UK Athletics: Joanna Coates can bring ‘sustainable change’ in coaching, says report author

The author of a report that has highlighted “significant cultural and systemic problems” in high performance athletics coaching in the UK has told Sky Sports News that she was disheartened by her findings.

However, Professor Leanne Norman, who was the Lead Author of ‘Achieving Gender Equity in High Performance Athletics Coaching in the UK’, believes the chief executive of UK Athletics, Joanna Coates, is “brave, open, fair and firm,” and that with her leadership there is hope of sustainable change.

Her report, through Leeds Beckett University and the Female Coaching Network, found that many female coaches had ‘negative encounters’ with male coaches, incidents of sexual harassment and low representation levels in the elite system.

Norman told Sky Sports News: “There was an assumption about what men and women can do and the current system leans towards men.

“It’s such a results first sport, so welfare was not always a priority. It’s an unregulated, unprofessional coaching system.

“Largely a system where most are not paid for their efforts, so it is open to abuse. I’m not surprised by the findings, but I am disheartened and angry to hear these stories in 2021.”

Professor Norman stressed the efforts of Coates could lead to sustainable diversity and change and that her leadership would be a model that other sporting governing bodies should look at.

Norman said: “I’m impressed with Jo. She’s brave, open, fair and firm and she’s driving change. The leadership gives hope as the research provides the evidence and it is now how it is acted upon.

“There won’t be overnight change, if it happens too quickly it won’t work, it will be a mirage. We are looking at more like five to five years.”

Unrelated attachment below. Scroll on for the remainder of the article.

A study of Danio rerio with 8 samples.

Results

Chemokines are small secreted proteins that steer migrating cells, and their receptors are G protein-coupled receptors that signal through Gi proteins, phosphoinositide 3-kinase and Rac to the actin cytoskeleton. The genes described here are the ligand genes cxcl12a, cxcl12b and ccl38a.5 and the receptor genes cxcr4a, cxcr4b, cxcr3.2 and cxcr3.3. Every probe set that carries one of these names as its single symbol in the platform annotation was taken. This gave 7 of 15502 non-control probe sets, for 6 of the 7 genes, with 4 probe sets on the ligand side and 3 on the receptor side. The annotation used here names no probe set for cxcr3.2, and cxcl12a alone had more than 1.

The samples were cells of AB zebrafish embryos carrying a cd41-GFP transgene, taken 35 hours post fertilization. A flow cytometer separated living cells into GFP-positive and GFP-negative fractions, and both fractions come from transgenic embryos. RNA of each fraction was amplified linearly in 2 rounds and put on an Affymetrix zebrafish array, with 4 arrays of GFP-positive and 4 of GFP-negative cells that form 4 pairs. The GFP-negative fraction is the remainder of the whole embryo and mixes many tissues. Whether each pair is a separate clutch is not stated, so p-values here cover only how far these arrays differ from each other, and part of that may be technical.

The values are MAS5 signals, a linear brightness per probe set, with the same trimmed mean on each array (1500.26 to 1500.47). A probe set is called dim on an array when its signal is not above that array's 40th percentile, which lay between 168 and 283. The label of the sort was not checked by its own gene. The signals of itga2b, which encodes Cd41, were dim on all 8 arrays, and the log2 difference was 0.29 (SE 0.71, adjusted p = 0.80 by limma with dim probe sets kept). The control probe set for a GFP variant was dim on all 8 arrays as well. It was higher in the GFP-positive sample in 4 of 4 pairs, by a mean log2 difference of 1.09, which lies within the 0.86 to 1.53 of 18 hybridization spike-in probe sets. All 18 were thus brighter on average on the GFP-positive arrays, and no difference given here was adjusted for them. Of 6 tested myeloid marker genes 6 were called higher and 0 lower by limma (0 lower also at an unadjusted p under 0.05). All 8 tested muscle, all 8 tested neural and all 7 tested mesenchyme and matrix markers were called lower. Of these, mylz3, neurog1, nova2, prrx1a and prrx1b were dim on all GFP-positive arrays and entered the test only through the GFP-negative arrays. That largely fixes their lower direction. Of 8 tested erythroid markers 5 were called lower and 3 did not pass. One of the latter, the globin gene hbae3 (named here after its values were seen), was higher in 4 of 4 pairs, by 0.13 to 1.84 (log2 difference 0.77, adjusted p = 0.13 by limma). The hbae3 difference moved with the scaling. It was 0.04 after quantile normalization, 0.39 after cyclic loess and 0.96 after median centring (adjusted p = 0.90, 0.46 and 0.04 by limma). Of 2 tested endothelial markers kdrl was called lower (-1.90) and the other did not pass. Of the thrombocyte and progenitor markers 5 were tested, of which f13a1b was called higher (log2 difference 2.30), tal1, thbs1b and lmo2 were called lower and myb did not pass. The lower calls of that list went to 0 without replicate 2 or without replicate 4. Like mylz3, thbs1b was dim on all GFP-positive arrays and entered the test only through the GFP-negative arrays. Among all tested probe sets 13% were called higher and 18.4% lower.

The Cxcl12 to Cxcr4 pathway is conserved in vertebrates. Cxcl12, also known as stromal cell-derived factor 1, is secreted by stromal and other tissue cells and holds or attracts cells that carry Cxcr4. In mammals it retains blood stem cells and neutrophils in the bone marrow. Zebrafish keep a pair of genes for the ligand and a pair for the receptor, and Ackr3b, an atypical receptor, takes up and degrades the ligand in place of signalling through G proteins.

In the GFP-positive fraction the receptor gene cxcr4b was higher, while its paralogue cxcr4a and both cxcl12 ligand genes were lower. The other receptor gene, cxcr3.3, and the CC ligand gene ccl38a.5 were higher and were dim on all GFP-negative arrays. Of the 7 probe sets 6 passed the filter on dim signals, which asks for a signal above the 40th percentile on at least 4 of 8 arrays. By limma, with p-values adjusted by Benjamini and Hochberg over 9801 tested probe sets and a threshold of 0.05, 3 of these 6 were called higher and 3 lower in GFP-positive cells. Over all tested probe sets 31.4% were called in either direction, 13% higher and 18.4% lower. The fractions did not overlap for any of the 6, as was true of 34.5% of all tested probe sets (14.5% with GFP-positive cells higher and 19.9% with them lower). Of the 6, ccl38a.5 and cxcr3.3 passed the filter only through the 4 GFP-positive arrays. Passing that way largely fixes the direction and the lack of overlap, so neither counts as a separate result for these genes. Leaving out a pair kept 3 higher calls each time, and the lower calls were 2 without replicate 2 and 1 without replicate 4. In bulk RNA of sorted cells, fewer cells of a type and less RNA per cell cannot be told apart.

Coates provided a statement to Sky Sports News in response Professor Norman’s research which read: “Firstly, I would like to thank the Female Coaching Network for sharing the findings with me a couple of months ago and also involving me with some of the discussions with the coaches involved in the research, I hope that this proves that we are building trust with groups that previously have felt they were marginalised or excluded by our sport.

“The insight gathered from the study will definitely help us in creating our new coaching strategy and structure, and we really welcome the amount of work put in by the Female Coaching Network, the Research Centre for Social Justice in Sport & Society and the Carnegie School of Sport at Leeds Beckett University.

“Some of the findings of the study I don’t believe are particularly gender specific, it has been clear to me from day one that we need to professionalise coaching, increase the development opportunities and we need to stop this culture of poaching, those are not gender-specific issues.

“I also believe this isn’t about needing more programmes that encourage women to be coaches because this isn’t just about increasing numbers. The statistics show we have a sport filled with excellent highly successful female coaches, we need to change the environment in which they operate and improve the experience.

“However, the sexual harassment is definitely aimed at women. And similarly to the recent concerns raised around safeguarding, we should completely and utterly have a zero tolerance for anything like this within our sport

“But in order to achieve this we need to create a culture where everybody feels safe to come forward and tell us what is going on. Individuals need to know that once they’ve come forward they’ll be listened to and treated fairly and they’ll be supported through a process which enables us to deal with these people that we do not want in our sport.

“I urge anybody, who is currently feeling like they are in a situation that is not right for them to come forward to UK Athletics so we can put those situations right. It is not acceptable, we will make this change and we will have a zero tolerance policy moving forward.”